Patent Funding: Patent Infringement Litigation Is Very Expensive!
If you own a patent, and it is being infringed upon, your only course of action is to sue the infringing party for patent infringement. However, that can be a lengthy, complicated, risky and VERY expensive ordeal! There is, however, light at the end of the tunnel. There are more than a few patent owners who launched patent infringement litigation and won multi-million dollar awards or reached multi-million dollar out-of-court settlements against the infringing party as a result of filing patent infringement litigation.
The challenge is getting from here to there. Finding the patent funding, funds necessary to finance a patent infringement lawsuit, is the first and most crucial step in beginning this process. There are two major cost elements in a patent infringement lawsuit.
There are a few main areas that are extremely costly and would require one to need to secure patent funding to help offset these dramatic costs. Below are some of the major reasons why one would need to think carefully about how a lawsuit of this magnitude can affect their financial structure. At the end you will surely see the pertinent nature in obtaining solid patent funding.
Legal Fees: Attorneys who try IP (intellectual property) litigation charge hundreds of dollars an hour. Due to the complex issues involved, it takes thousands of hours of high-priced legal talent to prepare and try an IP lawsuit. At $200 an hour, a lawsuit consuming just 1,000 hours of work on the part of the attorneys trying the case creates a $200,000 legal tab. That is typically where securing patent funding comes into play.
Disbursements: In addition fees paid directly to attorneys, there are numerous litigation and support services expenses. There are known as “disbursements” and include filing fees, travel expenses and the cost of hiring court reporters to create transcripts of depositions. Sometimes depositions are videotaped, so videographers must be hired, Experts are often brought in to research the claim and, possibly, to appear as expert witnesses at trial. Sometimes displays, charts and models (these are called “demonstratives”) have to be created that will demonstrate to the jury how the patented invention works and how it is being infringed. Many law firms use jury consultants to make sure they select favorable jurors and to help them fine tune and improve their presentation to the jury that hears the case.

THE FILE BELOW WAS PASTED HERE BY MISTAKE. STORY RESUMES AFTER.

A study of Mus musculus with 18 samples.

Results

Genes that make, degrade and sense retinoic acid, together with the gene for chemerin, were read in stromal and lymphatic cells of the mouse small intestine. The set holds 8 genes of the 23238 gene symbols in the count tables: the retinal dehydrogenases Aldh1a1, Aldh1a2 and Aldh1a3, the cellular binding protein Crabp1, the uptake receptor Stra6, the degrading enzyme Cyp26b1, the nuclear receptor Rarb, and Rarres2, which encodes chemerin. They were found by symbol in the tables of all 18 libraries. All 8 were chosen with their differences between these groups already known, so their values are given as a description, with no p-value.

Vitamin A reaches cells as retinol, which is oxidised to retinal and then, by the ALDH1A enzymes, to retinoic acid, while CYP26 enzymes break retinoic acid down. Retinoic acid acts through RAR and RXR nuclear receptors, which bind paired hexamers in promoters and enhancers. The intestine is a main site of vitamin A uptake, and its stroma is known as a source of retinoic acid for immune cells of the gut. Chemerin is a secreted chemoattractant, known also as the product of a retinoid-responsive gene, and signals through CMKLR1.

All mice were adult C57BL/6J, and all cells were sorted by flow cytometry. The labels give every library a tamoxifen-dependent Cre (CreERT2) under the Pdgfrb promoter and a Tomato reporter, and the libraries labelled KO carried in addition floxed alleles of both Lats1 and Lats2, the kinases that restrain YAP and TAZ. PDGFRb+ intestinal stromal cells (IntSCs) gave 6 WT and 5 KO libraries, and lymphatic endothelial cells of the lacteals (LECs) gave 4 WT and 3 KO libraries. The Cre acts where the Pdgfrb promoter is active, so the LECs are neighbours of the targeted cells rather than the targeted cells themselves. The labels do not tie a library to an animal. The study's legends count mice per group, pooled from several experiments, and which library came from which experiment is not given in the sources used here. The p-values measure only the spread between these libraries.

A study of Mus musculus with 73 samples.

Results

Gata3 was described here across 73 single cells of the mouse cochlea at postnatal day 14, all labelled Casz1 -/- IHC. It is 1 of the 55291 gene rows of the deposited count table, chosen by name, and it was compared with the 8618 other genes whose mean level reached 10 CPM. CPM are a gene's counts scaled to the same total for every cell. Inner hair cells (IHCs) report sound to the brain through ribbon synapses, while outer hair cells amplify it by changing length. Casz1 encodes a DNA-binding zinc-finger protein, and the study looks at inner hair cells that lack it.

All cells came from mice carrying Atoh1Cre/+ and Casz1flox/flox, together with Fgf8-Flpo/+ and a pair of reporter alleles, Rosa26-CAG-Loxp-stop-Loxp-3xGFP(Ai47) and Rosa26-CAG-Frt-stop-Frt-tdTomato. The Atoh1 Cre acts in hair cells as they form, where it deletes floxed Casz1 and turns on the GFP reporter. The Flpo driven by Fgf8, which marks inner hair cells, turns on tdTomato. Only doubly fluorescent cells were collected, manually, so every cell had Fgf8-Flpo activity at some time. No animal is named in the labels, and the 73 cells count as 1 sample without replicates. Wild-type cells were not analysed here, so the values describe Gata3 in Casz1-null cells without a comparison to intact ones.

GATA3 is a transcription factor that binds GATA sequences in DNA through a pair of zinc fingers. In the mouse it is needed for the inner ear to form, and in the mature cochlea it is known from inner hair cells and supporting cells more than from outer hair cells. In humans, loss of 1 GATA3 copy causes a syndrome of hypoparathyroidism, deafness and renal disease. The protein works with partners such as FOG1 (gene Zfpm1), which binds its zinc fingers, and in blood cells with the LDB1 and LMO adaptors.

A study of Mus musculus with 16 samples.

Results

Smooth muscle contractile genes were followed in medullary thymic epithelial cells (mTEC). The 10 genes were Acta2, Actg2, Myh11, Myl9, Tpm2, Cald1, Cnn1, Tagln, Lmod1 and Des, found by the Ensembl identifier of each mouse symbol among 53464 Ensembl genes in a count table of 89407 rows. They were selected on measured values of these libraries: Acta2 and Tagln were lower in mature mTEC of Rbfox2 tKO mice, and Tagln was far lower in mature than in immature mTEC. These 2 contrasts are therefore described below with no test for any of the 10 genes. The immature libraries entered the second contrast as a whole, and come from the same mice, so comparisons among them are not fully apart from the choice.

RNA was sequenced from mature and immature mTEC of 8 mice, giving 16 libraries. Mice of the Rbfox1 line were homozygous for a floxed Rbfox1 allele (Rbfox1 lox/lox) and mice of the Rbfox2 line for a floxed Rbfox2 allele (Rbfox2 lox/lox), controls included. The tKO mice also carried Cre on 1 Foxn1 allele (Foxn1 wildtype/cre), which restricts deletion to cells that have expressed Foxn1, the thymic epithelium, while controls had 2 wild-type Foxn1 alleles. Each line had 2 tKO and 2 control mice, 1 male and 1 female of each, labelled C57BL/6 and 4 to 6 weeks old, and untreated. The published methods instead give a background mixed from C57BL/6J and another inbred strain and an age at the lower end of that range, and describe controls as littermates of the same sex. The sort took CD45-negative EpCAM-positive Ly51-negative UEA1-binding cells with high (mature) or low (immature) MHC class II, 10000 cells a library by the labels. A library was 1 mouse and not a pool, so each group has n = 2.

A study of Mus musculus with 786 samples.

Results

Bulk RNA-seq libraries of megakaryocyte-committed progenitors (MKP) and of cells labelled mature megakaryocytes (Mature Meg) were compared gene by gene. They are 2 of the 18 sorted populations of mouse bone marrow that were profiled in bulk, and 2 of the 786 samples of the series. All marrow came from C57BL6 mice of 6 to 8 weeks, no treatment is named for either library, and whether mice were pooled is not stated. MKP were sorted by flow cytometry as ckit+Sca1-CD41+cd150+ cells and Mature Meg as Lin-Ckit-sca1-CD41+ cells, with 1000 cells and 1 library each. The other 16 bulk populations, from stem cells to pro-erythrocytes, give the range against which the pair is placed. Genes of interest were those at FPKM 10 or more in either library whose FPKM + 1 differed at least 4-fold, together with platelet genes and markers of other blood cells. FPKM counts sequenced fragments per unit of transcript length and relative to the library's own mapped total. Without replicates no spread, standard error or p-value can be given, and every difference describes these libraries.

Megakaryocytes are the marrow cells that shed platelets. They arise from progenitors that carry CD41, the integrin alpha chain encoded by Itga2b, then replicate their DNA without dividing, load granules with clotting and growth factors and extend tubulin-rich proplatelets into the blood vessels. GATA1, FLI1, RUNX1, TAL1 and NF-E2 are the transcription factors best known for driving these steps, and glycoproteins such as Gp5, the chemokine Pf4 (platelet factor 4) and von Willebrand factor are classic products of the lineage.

Bottom Line: Legal fees and disbursements for a patent infringement lawsuit can easily add up to $1 million or more. As a result, patent infringement litigation tends to be a David-versus-Goliath battle. The patent owner is typically an individual or a small business seeking justice from a large corporation with almost unlimited financial resources. It is not a big deal for a multi-billion dollar corporation to spend a few million dollars defending its own self against patent infringement claims. It is quite a big deal for an individual or a small business to come up with several hundred thousand dollars – or a million dollars or more – to pursue the infringing party of its patent.
Two Solutions: A new type of business, the patent enforcement firm, was created to address just this issue, and a new financial service, litigation funding, was created to provide funding for exactly this type of litigation.
Patent Enforcement Firms: There are just a handful of these, but they fill a real need by helping the patent owner whose patent has been infringed, but cannot afford to fund patent infringement litigation himself (or herself it itself). Patent enforcement firms both fund the litigation and manage the entire process in exchange for a share of any award or settlement that results from the lawsuit. They work on a “contingency” basis. That is, payment to them for their services and re-payment of the money they expended on behalf of the patent owner is “contingent” on the outcome of the litigation. They only get repaid for the money they spend on the case, and they only earn a fee, if they are successful at realizing an award of settlement for their client!
Patent Litigation Funders: There are also just a handful of these businesses. They are specialized finance companies that advance funds to plaintiffs in commercial litigation such as patent infringement. They do not make “loans” but make advances that are both “contingent” (re-payment of the advance is contingent on the outcome of the lawsuit) and “non-recourse” (the company has no recourse to collect the money they advanced if the plaintiff loses the lawsuit.
They Pick Their Fights: Needless to say, patent enforcement firms and patent litigation funding companies are very selective in as to which clients they chose to provide their services since they each make a significant investment, and only make back their investment if the plaintiff prevails and realizes an award at trial or negotiates an out-of-court settlement.